The Shockoe Hill African Burial Ground as it appears today
Ryan Smith
The Shockoe Hill African Burying Ground as it appears today

A bus zooms by a seemingly abandoned lot. The interstate roars overhead. Across the street are two well-tended cemeteries. But this overgrown site has no tombstones. And yet, at least 22,000 African-American men, women and children are buried here.

The Shockoe Hill African Burying Ground was Richmond City’s primary burying ground for enslaved and free Black people who died between 1816 and 1879. Between then and now the story of the site is one of neglect and purposeful desecration. But last week, the site in Richmond finally earned recognition by state officials who voted to place it on the Virginia Landmarks Register.

“I think there’s a growing awareness that no one’s remains should be desecrated, should be treated casually or carelessly, as they have been frankly in the past for so many groups in the United States,” says Ryan Smith, a professor at Virginia Commonwealth University.

Smith is an expert in Richmond’s historic cemeteries, and part of the team who nominated this site, alongside the nearby Hebrew cemetery and Shockoe Hill cemetery, for historic recognition.

The other cemeteries nearby, well maintained and with markers, are already on the list of historic sites. But the Shockoe Hill African Burying Ground, a sloping overgrown hillside featuring an abandoned gas station from the ‘60s, is not.

The team who worked on the sites’ nomination includes Smith, Dan Mouer, Steve Thompson, and Lenora McQueen – who has family members buried in the site. Thanks to their efforts the site has now earned a place alongside sites like Monticello, Colonial Williamsburg, and the state capital.

Smith says the ultimate goal is increased awareness.

A detail from the Cook Studio photograph taken ca. 1888 shows the hillside nearly a decade after the closing of the Shockoe Hill African Burying Ground.
A detail from the Cook Studio photograph taken ca. 1888 shows the hillside nearly a decade after the closing of the Shockoe Hill African Burying Ground.

“People don’t know that this site is here. They don’t know its history. People can come and they can see Hebrew cemetery, they can see Shockoe Hill cemetery, and there are tours and historic signage of those sites. But the rest of that historic district is not understood by residents or by visitors. And even by many family members too,” Smith says.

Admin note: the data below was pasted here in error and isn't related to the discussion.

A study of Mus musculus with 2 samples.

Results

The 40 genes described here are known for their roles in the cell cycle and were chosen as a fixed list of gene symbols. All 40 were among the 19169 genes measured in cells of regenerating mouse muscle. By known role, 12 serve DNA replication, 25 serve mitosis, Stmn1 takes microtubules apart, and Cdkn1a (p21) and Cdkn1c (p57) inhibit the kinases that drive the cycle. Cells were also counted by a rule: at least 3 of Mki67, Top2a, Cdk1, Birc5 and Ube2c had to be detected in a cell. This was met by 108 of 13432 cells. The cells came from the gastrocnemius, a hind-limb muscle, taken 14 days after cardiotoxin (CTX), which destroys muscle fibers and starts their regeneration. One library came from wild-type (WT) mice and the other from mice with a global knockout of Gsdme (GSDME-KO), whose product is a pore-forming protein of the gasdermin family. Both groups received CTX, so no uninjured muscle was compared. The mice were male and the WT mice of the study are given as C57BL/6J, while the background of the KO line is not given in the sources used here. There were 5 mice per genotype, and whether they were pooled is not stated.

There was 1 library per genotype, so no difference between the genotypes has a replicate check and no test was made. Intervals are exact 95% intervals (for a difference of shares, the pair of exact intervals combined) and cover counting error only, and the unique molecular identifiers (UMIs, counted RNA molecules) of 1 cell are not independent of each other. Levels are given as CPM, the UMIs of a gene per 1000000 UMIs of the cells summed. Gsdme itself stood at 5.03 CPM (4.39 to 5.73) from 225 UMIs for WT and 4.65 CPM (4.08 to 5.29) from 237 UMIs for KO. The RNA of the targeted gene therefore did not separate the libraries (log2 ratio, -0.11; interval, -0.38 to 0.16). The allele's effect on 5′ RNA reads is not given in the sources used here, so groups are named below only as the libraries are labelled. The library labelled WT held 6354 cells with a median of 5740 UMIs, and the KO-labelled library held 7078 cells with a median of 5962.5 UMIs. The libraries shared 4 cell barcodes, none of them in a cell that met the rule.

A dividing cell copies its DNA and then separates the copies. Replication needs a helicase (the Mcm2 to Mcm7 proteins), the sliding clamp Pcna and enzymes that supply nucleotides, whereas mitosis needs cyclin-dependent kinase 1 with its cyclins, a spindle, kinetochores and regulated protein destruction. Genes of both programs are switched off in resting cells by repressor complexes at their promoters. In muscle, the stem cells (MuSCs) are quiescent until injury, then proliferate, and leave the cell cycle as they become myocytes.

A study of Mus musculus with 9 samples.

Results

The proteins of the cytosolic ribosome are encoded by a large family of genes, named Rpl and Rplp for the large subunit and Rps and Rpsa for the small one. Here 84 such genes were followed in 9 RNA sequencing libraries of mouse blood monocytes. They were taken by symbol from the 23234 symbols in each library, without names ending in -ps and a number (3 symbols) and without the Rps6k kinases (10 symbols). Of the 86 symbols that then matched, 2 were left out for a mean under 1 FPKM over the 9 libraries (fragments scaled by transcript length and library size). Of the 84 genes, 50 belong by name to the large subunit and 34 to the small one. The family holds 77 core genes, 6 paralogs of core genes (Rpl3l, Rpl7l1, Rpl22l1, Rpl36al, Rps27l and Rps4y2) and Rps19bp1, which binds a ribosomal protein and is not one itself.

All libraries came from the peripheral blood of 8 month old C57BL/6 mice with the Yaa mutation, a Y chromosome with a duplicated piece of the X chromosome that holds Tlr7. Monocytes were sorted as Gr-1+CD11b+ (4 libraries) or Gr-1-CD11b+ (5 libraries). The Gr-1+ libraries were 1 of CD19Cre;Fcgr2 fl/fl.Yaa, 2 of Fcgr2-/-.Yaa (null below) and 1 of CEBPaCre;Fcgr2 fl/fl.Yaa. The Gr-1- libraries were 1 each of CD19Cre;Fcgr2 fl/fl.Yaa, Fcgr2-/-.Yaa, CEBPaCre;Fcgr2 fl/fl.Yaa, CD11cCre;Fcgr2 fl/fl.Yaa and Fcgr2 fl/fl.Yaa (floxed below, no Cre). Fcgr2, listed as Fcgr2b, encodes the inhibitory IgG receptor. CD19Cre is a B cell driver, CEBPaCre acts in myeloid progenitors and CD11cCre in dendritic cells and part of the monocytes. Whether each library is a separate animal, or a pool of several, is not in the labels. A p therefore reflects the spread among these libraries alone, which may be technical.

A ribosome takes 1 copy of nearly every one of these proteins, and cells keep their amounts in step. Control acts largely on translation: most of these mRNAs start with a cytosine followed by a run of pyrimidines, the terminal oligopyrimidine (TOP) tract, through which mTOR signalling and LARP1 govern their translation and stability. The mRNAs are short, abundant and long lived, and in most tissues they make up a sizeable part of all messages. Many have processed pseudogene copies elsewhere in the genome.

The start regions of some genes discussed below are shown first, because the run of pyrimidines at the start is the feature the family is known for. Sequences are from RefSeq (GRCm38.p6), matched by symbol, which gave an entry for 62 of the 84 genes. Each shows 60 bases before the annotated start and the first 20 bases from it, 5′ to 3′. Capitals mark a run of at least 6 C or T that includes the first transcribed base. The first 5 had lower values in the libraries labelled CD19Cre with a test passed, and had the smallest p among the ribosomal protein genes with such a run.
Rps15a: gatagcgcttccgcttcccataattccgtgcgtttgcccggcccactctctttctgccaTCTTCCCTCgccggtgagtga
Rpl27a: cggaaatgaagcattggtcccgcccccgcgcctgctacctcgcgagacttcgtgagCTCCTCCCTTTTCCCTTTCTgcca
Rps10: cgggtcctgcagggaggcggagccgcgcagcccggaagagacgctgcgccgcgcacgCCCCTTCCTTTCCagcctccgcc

The state recognition now paves the way for inclusion on the National Register of Historic Sites. That would provide some protection from government development, including a possible expansion of nearby Interstate 64 and a planned railway project that would also impact the area.

Smith says telling the full story of the burial ground could help set a new path for historic preservation, one where we recognize and remember not just the origin story of sites like this burial ground, but also the following decades of purposeful neglect and destruction.

That history is laid out in the team’s 77-page nomination document. Parts of the document describe how graves and human remains were desecrated over the years as city officials sought to develop parts of the cemetery. Over the years the land has housed a gas station, an animal shelter, and the large pillars of an interstate overpass.

The authors of the report note that for white city leaders “the ground was too valuable to be used as a cemetery for Blacks,” and that “there can be no doubt that dozens - perhaps hundreds - of gravesites were destroyed in these construction projects.”

Richmond City now owns at least part of the lot and officials say they plan to preserve and commemorate the site.

This report, provided by Virginia Public Radio, was made possible with support from the Virginia Education Association.

Mallory Noe-Payne is a Radio IQ reporter based in Richmond.